PS 31-6 - Fostering AMF through crop rotation: Implications for P acquisition and C sequestration in semi-arid agroecosystems

Wednesday, August 9, 2017
Exhibit Hall, Oregon Convention Center
Steven T. Rosenzweig1, Meagan Schipanski2, Mary E. Stromberger3 and Steven Fonte2, (1)Department of Soil and Crop Sciences, Colorado State University, (2)Soil and Crop Sciences, Colorado State University, Fort Collins, CO, (3)Department of Soil and Crop Sciences, Colorado State University, Fort Collins, CO

Arbuscular mycorrhizal fungi (AMF) have the potential to increase plant nutrient acquisition and enhance soil aggregation, which are key processes influencing the sustainability of dryland agroecosystems in semi-arid climates. In conjunction with no-till, cropping system intensification (reducing the frequency of bare fallow in crop rotations) may enhance populations of AMF and other soil fungi through greater belowground inputs of carbon. A better understanding of the links between crop rotation, soil fungi, nutrient acquisition, and soil aggregation is required to assess the potential for cropping system intensification to increase soil organic carbon (SOC) and availability of plant-essential nutrients like phosphorus (P). We assessed SOC, water-stable aggregates, and microbial phosholipid fatty acids on 72 dryland no-till fields. Three levels of cropping system intensity from wheat-fallow to continuous rotations were represented along a potential evapotranspiration (PET) gradient that increases from northwestern Nebraska to southeastern Colorado. On a subset of 53 fields, we assessed AMF colonization of winter wheat roots and whole-plant P concentrations at wheat heading. We used multiple linear regressions to quantify the effects of cropping system intensity on SOC, aggregation, fungal biomass, and AMF colonization. We also assessed the relationships between AMF and wheat P concentrations, and total fungi and aggregation across a wide range of soil types, climates, and management histories.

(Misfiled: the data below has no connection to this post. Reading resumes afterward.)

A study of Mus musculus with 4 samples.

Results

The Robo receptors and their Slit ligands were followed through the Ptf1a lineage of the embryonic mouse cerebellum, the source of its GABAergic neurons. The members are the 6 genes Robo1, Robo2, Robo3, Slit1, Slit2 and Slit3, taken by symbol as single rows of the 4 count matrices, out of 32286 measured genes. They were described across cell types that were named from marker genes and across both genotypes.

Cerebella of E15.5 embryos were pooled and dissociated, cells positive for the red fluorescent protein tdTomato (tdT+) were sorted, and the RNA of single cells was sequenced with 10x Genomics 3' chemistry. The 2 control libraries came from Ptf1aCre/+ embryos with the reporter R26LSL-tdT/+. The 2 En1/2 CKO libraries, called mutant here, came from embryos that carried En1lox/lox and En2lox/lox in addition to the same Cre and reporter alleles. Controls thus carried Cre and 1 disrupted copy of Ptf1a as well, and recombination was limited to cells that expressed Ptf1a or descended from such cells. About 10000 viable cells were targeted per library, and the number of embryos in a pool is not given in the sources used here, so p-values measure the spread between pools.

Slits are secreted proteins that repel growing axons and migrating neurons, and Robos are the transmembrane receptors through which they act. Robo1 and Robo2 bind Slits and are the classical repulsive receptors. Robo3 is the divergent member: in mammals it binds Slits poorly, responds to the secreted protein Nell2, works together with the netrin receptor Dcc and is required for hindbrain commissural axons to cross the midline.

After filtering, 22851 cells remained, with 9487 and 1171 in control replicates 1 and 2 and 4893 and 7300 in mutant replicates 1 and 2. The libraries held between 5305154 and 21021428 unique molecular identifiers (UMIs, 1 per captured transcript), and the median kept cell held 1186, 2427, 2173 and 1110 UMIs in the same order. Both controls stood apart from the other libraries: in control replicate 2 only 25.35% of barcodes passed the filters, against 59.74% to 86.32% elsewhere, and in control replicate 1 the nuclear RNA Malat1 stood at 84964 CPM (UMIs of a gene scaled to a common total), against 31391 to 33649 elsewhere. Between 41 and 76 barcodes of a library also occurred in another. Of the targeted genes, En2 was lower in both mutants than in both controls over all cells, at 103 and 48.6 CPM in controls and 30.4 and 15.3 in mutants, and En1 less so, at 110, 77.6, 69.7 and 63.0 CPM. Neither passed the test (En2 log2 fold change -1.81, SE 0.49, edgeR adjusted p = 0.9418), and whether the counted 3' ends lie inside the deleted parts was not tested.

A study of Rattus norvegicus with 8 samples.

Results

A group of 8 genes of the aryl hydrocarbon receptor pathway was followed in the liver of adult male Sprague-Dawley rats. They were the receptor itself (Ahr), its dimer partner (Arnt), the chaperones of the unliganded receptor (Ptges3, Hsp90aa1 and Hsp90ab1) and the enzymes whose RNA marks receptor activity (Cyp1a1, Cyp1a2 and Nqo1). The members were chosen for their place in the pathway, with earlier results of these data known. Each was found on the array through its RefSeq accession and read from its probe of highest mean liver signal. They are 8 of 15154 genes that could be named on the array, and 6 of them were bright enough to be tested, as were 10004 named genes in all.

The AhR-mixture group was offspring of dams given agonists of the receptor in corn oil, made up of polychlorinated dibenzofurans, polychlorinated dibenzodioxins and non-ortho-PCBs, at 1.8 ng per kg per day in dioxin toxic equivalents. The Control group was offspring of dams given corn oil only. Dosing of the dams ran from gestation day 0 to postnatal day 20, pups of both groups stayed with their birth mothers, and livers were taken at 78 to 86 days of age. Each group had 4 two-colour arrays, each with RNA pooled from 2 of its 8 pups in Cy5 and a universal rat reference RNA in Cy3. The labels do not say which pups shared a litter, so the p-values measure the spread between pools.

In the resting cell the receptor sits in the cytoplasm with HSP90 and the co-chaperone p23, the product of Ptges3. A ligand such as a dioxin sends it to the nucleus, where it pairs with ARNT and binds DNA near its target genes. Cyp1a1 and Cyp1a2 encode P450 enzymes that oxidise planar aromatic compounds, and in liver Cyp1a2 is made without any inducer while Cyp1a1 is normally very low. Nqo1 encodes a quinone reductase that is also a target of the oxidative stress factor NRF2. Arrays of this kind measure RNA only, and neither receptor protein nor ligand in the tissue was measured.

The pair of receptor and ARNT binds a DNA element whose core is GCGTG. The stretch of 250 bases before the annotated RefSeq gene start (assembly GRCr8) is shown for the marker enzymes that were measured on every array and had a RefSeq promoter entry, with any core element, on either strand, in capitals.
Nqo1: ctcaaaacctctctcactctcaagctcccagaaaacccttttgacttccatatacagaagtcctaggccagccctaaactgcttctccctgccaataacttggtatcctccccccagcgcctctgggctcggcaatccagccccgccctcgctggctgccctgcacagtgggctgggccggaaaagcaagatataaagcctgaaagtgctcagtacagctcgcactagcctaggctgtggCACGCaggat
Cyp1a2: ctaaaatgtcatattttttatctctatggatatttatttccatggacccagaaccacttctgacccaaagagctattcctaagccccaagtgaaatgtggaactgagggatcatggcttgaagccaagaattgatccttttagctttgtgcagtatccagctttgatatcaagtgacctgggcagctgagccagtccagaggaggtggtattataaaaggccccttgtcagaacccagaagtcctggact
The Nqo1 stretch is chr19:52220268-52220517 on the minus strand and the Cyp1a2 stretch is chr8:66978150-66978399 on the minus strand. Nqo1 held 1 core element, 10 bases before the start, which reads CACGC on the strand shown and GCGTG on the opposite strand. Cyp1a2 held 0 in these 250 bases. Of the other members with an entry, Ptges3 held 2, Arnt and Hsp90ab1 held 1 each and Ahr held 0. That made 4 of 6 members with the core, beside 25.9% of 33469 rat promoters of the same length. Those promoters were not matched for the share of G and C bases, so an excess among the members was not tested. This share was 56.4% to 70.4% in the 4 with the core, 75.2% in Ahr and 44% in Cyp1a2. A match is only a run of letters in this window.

Intensified cropping systems had greater SOC, AMF colonization of wheat roots, fungal biomass, and aggregate mean weight diameter to 10 cm depth compared to wheat-fallow systems when clay content, PET, and number of years in no-till were included as covariates. Continuous rotations had 17% higher SOC concentrations and 2 times larger aggregate mean weight diameter compared to wheat-fallow, and mid-intensity rotations were intermediate of the two. Plant P concentrations increased with % AMF colonization of wheat roots when PET and applied P fertilizer were included as covariates. Additionally, aggregate mean weight diameter increased with fungal biomass, independent of climate, soil type, or management. These results suggest that robust and positive effects of crop rotation on SOC and P availability are mediated by enhanced AMF symbioses and fungal biomass. In semi-arid environments, reducing the duration of fallow periods and increasing the belowground supply of C through cropping system intensification can foster growth of fungi that enhance ecosystem services.